Ronald Commons provides stability, exit out of poverty in Shoreline



By Jesse N. Love

On January 24, 2015 King County Councilmember Rod Dembowski along with members of his staff and a US military veteran participated in One Night Count. They strolled through the Aurora Corridor in Shoreline, Wash. and encountered eight individuals sheltered in their automobiles. According to Dembowski, 220 children in the Shoreline school district are “homeless or unstably housed” and sheltered veterans amounted to 2,200 with a “growing net” of 60 every month.

Dembowski served as one of several speakers welcoming everyone to the grand opening of Ronald Commons, a new living community established on the grounds of Ronald United Methodist Church in Shoreline. Around 250 people, including the members of Ronald UMC, listened to speakers, reflected on the journey, and took a tour of the new digs.

A view of Ronald Commons from Linden Avenue North.

Ronald Commons features 60 living units and welcomes low-income families, veterans, disabled persons, and young children. Along with living spaces, the Commons has many features to help stabilize and empower families out of poverty; it has a food bank that has the look, feel and functionality of an everyday grocery store. It also has rooms for adult educational programming including financial counseling and a small playground for children.

Inside Ronald Commons’ food bank, the look and feel is much like a mini-market with home basics: bread, dairy, canned goods and more.

Janet Pope, CEO of Compass Housing Alliance, shares, “…14 months ago, this was an underutilized piece of property. Today, we embrace hope.” Ronald Commons was developed primarily through a three-way partnership between Ronald UMC and social service networks Compass and Hopelink. “Staff will strategize each individual to overcome hardship and trauma. (We are) pulling together talent and resources for the most vulnerable,” shares Pope.

The Rev. Kelly Dahlman-Oeth welcomes everyone to the grand opening of Ronald Commons.

During the grand opening, the Rev. Kelly Dahlman-Oeth recognized the work of his predecessor, the Rev. Paula McCutcheon who was at the forefront with her then congregation in developing this movement for affordable housing on the grounds of the Church over the last 5 years. McCutcheon could not make it to the ceremony because of the changing event date due to a recent snowstorm and a scheduled family appointment.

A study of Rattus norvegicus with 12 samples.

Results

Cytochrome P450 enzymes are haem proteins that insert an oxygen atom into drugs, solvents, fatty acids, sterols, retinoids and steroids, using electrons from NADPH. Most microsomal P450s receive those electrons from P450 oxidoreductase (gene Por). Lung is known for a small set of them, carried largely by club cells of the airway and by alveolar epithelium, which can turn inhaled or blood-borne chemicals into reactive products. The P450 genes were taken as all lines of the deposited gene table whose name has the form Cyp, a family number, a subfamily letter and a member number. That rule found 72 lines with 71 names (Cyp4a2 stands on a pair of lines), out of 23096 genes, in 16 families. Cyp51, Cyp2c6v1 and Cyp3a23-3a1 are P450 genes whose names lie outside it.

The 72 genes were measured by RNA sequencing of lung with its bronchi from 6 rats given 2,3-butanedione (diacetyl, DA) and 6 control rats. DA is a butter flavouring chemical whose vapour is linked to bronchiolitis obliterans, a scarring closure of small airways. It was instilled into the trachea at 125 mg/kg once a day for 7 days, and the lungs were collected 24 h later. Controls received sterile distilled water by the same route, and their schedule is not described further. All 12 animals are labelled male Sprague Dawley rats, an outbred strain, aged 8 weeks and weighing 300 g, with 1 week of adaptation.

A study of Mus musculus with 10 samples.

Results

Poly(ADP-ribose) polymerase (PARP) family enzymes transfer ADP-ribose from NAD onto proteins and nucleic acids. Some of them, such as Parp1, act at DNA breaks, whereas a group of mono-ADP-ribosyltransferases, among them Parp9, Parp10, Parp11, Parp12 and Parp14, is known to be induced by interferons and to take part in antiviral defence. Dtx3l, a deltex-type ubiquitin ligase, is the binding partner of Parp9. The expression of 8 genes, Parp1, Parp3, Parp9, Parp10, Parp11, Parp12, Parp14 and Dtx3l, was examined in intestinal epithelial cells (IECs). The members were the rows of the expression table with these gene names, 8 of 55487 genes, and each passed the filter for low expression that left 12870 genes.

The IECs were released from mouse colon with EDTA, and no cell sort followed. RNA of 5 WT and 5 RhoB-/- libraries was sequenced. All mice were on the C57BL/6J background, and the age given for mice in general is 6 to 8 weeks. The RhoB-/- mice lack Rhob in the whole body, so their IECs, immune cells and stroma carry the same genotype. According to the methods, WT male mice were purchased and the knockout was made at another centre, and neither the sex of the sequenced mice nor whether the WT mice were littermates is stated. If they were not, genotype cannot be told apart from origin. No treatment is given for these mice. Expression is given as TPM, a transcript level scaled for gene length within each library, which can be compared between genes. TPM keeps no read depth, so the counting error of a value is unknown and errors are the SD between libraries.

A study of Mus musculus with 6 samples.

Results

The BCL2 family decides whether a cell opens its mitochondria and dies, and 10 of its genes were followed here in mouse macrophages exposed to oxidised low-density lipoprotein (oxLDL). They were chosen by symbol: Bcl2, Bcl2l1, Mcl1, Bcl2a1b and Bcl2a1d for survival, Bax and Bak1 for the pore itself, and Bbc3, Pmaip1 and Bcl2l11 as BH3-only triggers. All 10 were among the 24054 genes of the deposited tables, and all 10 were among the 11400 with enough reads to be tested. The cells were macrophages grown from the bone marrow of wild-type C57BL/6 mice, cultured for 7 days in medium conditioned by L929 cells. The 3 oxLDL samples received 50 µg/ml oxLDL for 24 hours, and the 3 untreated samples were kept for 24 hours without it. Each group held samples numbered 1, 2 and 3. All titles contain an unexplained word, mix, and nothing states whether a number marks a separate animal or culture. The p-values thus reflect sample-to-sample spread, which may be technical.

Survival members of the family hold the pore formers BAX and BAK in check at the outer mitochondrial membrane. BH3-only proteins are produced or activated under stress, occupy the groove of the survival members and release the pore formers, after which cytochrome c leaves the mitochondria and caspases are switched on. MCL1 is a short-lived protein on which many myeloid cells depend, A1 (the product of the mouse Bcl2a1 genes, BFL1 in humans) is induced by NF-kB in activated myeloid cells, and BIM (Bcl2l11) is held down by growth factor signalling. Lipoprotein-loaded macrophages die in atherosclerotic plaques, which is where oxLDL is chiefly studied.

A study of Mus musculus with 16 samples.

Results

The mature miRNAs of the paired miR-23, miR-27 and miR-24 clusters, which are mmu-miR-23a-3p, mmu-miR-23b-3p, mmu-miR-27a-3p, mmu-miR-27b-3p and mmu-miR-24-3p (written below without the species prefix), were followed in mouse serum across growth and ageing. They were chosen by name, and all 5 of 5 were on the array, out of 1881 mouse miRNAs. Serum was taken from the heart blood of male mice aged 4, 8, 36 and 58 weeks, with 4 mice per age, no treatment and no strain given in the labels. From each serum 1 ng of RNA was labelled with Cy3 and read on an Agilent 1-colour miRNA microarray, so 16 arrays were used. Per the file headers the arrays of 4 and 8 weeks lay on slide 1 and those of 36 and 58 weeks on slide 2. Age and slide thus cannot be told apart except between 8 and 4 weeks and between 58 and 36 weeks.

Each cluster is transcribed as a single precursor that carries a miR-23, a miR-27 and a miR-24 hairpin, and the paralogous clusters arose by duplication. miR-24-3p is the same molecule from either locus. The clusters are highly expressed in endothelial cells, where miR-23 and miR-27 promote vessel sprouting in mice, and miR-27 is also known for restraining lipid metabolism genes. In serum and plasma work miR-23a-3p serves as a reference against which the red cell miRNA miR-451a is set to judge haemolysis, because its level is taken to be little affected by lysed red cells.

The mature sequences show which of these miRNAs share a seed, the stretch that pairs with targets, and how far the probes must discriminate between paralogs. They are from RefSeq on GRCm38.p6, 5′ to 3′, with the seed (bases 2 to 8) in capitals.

Dahlman-Oeth has described “Phase 2” as a time for “building relationships and community”. During his previous appointment at Lake Washington UMC, he and his congregation stood with the homeless by having its church doors open 24/7 to Camp Unity Eastside and a safe parking program for those living inside their vehicles. Dahlman-Oeth will continue his work at Ronald UMC living the vision that “all should be fed, all should be housed, and all should be welcomed.” Currently, Ronald UMC hosts weekly dinners for the community with Dale Turner YMCA and other churches in the Shoreline community.

The Rev. Rich Lang (center) shares “Ronald Commons is a great example of a church going beyond charity into justice.” Lang serves as the superintendent of the Seattle District.

“With courage, compassion and true grit, Ronald UMC gave itself away for the love of Christ’s greater community,” shares the Rev. Rich Lang, Seattle District Superintendent of The PNW Conference. “I look forward to seeing how the church will connect relationally with its new neighbors.  It is a model that I hope several other churches will duplicate.”

As rooms fill and community grows in this place, the partnership of Compass Housing Alliance, Hopelink, and Ronald United Methodist Church will continue to combat the challenges of homelessness through affordable housing, case management, access to employment resources, and feeding the bodies & spirits of those in the city of Shoreline.


Special thanks to the Revs. Kelly Dahlman-Oeth, Paula McCutcheon, and Rich Lang. Also special thanks to Darrell Bulmer, Paul Purcell, Jan Laskey, Deb Burkhart, Mayor Chris Roberts, and Josephine Wong

Jesse N. Love serves as the graphic designer & print manager for the PNWUMC.